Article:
A high point of Hitchcock's pre-Hollywood career, 1935's The Thirty-Nine Steps
is the first and best of three film versions of John Buchan's rather stiff novel
. Robert Donat plays Richard Hannay, who becomes embroiled in a plot to steal military secrets. He finds himself on the run; falsely accused of murder, while also pursuing the dastardly web of spies alluded to in the title. With a plot whose twists and turns match the hilly Scottish terrain in which much of the film is set, The Thirty-Nine Steps
combines a breezy suavity with a palpable psychological tension. Hitchcock was already a master at conveying such tension through his cinematic methods, rather than relying just on situation or dialogue. Sometimes his ways of bringing the best out of his actors brought the worst out in himself. If the scene in which Donat is handcuffed to co-star Madeline Carroll has a certain edge, for instance, that's perhaps because the director mischievously cuffed them together in a rehearsal, then left them attached for a whole afternoon, pretending to have lost the key. The movie also introduces Hitchcock's favoured plot device, the "McGuffin" (here, the military secret), the unexplained device or "non-point" on which the movie turns. --David Stubbs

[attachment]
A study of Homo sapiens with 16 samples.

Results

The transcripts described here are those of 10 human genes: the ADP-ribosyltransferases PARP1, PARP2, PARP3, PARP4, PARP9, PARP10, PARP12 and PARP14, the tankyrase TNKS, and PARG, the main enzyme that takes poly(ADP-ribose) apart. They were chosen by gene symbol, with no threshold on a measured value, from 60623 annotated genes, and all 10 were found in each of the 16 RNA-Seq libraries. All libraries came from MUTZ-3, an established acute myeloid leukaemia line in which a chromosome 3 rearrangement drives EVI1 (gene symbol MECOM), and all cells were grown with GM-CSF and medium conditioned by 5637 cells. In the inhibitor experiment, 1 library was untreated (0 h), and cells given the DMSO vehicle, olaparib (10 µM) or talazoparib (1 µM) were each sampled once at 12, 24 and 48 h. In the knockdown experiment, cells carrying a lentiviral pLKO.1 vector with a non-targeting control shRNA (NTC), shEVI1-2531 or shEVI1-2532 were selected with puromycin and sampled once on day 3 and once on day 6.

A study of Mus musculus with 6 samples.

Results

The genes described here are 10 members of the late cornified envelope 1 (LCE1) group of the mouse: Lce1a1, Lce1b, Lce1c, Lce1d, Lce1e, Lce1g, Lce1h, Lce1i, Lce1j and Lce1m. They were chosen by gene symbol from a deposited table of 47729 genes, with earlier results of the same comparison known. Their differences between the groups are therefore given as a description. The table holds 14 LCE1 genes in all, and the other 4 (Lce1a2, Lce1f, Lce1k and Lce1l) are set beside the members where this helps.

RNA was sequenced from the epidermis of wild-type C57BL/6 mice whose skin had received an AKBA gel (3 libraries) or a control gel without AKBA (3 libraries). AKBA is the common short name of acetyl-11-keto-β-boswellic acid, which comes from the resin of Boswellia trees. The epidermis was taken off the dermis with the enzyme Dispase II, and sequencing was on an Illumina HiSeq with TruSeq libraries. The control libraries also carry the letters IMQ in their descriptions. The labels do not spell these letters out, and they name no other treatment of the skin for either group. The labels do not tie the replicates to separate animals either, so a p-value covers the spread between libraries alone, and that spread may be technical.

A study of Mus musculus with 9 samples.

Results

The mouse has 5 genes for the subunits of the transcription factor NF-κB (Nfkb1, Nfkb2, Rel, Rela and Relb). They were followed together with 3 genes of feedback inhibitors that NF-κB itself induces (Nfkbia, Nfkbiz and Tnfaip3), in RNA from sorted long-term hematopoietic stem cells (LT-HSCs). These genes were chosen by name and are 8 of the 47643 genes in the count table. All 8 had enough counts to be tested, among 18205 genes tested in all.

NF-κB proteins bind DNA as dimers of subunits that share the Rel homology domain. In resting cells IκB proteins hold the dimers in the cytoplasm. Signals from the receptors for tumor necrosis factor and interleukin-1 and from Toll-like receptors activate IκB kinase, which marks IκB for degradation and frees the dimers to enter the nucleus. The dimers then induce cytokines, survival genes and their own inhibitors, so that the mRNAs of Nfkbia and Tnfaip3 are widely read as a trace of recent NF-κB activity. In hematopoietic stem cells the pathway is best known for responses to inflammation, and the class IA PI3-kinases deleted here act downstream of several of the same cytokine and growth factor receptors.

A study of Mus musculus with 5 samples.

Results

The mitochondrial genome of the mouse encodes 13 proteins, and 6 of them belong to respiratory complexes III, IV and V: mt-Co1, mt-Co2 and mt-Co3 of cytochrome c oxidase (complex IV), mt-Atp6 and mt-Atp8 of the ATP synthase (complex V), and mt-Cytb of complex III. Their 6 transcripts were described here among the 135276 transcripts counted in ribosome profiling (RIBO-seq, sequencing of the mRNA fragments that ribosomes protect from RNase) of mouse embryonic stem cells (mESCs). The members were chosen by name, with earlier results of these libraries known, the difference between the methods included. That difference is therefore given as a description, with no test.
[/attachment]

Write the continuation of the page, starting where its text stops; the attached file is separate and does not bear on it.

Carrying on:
Alfred Hitchcock's most celebrated British thriller, adapted from John Buchan's novel. Richard Hannay (Robert Donat) becomes the victim of mistaken identity when a female corpse is dumped in his flat by a spy ring. He tries to track down the true murderers whilst being pursued by the police, and hooks up with an unwilling accomplice (Madeleine Carroll). Their adventure eventually leads them to a music hall, where the secret of the 39 steps is revealed. Also included is the documentary 'Hitchcock - The Early Years'.